TUSKAHOMA — A Texas developer canceled plans for a $1.5 billion hydroelectric storage project in this southeast Oklahoma river community last week, citing protests from 200 residents and opposition from the Choctaw Nation.
Tomlin Energy LLC proposed using Kiamichi River outflow to produce energy that would stabilize grids in Oklahoma and Texas during extreme weather. Promises of creating 500 new jobs, generating $12 million in annual county tax revenue and providing ambulance service to an area that lacks it sold a Pushmataha County commissioner and a state legislator on the plan.
A Pushmataha County district court judge revoked water rights the state had granted in 2019, ruling that Tomlin Energy failed to provide landowners sufficient notice of the plan. When resubmitting a water use application to the Oklahoma Water Resources Board, developer Daniel Tomlin Jr. said he sent more than 19,000 letters to residents.
Their response convinced him to scuttle the project on Wednesday.
“The local people, they just don’t get it, I don’t think,” Tomlin said. “They started all these rumors and passed them around. As soon as we got something worked out with the water board, we were going to get another lawsuit, which we don’t have time for. We already lost two and a half years on that.”
In interviews with Oklahoma Watch conducted prior to Tomlin’s decision, landowners express fears the proposed plant and accompanying reservoirs would doom the already shallow Kiamichi River and the valley it nurtures by lowering natural water levels, destroying private wells and hurting tourism.
Charlotte Robbins Leonard grows most of her food on overflow patterns in the valley. She said the fight project taught her a lesson for the next time someone tries to use resources her community relies on.
“We need to pay more attention to our neighbors. We need to look out for each other better,” Leonard said. “If people would’ve done the right thing and talked to their neighbors this would have never happened in the beginning.”
Tomlin said a hydroelectric storage facility in the Kiamichi River basin would have stabilized Texas and Oklahoma’s electrical grids during extreme weather conditions and compensated for gaps in energy not being produced by windmills.
“If you got a bunch of these turbines out there and all of a sudden you have a lull in the wind, something’s got to make up the difference,” Tomlin said, “And if something doesn’t happen, then that’s when all of a sudden the lights start going out and we’ve got brown-outs.”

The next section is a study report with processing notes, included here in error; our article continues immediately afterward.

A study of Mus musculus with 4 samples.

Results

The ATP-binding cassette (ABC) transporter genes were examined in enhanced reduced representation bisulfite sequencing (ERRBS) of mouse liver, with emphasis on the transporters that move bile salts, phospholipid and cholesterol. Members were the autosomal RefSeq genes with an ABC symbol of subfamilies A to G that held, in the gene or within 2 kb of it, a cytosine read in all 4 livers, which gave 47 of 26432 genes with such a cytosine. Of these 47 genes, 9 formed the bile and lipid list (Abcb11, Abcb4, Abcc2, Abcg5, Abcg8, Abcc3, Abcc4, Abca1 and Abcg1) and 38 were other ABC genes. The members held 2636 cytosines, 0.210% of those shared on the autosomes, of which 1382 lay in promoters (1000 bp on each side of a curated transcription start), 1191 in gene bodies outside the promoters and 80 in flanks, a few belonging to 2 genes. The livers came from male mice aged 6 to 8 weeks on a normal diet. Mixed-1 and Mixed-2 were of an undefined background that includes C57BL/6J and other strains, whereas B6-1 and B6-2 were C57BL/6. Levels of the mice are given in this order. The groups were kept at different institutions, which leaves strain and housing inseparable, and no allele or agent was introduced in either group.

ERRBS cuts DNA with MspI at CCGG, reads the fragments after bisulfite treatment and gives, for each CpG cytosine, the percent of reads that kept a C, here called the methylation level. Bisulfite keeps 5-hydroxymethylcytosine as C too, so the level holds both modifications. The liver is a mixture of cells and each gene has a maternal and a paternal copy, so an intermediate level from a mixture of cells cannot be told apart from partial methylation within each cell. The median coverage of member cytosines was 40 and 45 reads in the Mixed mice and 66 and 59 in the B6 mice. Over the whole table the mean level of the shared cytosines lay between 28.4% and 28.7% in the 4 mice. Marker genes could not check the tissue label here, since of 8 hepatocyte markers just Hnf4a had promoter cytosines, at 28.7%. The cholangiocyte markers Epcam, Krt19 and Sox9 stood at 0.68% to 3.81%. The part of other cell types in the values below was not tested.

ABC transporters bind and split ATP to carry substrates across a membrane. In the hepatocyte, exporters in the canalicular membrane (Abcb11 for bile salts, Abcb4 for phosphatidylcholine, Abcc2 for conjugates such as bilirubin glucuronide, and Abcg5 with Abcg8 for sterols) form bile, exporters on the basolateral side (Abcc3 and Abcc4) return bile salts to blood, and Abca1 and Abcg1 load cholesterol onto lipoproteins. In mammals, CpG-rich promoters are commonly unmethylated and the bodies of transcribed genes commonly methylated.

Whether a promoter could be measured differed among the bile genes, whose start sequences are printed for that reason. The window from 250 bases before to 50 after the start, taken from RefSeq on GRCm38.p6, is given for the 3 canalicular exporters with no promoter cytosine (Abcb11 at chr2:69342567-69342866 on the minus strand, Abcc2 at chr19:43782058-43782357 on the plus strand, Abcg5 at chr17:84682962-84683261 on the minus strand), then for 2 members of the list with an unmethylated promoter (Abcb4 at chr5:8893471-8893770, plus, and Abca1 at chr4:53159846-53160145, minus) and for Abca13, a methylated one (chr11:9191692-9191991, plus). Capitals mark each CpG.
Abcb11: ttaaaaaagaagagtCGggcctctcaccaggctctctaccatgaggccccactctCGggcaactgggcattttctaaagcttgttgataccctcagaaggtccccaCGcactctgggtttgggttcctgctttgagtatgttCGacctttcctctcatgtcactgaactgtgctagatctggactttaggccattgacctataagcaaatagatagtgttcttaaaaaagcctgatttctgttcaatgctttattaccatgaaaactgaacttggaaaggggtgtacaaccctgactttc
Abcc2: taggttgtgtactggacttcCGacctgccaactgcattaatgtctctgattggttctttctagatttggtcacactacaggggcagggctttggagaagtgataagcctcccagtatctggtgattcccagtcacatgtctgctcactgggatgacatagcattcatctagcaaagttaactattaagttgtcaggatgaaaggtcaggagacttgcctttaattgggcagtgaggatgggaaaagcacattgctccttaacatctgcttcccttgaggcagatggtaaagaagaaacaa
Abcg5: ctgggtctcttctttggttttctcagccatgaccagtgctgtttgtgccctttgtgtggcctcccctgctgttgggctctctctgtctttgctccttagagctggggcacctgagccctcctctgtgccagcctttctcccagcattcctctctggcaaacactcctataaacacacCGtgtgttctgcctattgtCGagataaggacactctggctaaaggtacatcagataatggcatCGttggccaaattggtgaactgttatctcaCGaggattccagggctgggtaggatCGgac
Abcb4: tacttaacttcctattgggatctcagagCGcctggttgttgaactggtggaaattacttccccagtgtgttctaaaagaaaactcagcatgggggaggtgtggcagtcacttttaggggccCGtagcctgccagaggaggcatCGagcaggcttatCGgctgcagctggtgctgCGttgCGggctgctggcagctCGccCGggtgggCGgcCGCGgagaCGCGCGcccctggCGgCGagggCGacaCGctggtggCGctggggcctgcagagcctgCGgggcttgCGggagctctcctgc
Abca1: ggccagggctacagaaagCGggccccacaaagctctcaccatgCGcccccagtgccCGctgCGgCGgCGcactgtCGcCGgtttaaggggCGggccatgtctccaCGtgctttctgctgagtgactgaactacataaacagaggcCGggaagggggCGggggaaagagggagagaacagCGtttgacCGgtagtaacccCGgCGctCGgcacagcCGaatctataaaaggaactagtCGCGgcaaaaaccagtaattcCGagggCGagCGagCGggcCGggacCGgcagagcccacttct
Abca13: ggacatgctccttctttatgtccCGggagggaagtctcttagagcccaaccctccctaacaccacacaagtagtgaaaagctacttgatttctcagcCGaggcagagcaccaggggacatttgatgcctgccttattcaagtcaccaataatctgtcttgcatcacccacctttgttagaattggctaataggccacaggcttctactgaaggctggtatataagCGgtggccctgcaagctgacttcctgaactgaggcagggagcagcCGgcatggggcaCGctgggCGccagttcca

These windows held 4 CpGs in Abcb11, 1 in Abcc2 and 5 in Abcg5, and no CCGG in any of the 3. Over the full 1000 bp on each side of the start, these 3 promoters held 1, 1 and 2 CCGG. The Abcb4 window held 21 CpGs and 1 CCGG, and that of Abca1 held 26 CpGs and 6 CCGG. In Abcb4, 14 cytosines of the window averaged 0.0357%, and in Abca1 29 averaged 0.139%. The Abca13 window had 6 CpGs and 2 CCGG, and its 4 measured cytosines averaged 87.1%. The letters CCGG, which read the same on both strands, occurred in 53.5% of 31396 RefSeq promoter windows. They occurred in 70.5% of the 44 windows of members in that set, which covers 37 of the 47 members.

The Choctaw Nation’s opposition to the project, expressed in Choctaw Nation Chief Gary Batton’s Nov. 21 letter to the Oklahoma Water Resources Board, was the “last straw.”
“Our Environmental Protection Service has expressed major concern based on the stress of the amount of water to be taken from the Kiamichi River,” wrote Batton, whose tribal service area comprises Pushmataha and portions of 10 other southeastern Oklahoma counties.
“That’s the last straw because once the Indians are against you, you’re going to have a hard time getting a license at (the Federal Energy Regulatory Commission),” Tomlin said.
The Federal Energy Regulatory Commission licenses developers of energy-producing projects.
Ruby June Tichy owns 275 acres in Tuskahoma. For 15 years she’s maintained a homestead with two barns, a horse, donkey, cattle and rolling hay meadows.
She said that on a “lucky” year, the Kiamichi River floods twice because of heavy rains. That’s when her hay meadows grow three feet high. It’s when her cattle can drink from three ponds on her ranch and when her hens find earthworm snacks crawling in the mud.
Plans for the scuttled project showed 40 acres of Tichy’s land and swathes of her neighbors’ plots were to be included in the construction of a 200-acre reservoir holding over 10 billion gallons.
“It’s probably a third of a mile from my house to the river, and I was told at one time that there would be a big old levee with a fence at the top, across my property line, so things can’t get into their pit of water,” Tichy said.
Tichy and other landowners said Pushmataha County Commissioner John Roberts tried to convince them to sell their property to Tomlin. Roberts did not respond to Oklahoma Watch’s phone calls for a response to the project’s cancellation. In previous interviews, Roberts stressed the need for economic development.
“If we want to stop seeing our kids have to go off to Montana, Colorado, Oklahoma City and Texas or wherever to work because there’s no work here, we’re going to need to have a little industry here,” said Roberts, who represents a county where 18% of residents live below the poverty line.
Roberts and state House Rep. Justin Humphrey, who both won re-election unopposed in November, were the project’s most vocal supporters.
“We’re talking about one of the poorest counties in the state of Oklahoma, and here’s a game changer to really turn that around. Now we’re locked in and not seeing any progress,” said Humphrey, R-Lane. “But I definitely understand why a private business would not want to take on a tribe.”
In Tichy’s eyes, the kind of growth her elected leaders want in the area is already there. She said the river drives tourism and it keeps fresh food on the dinner table when the nearest Walmart is 45 minutes away.
“We don’t have to destroy the place to bring money here,” Tichy said. “Besides, I bet Tomlin won’t ever have to write a letter to protect the land he lives on.”
Lionel Ramos is a Report for America corps member who covers race and equity issues for Oklahoma Watch. Contact him at 405-905-9953 or email@example.com. Follow him on Twitter at @LionelRamos_.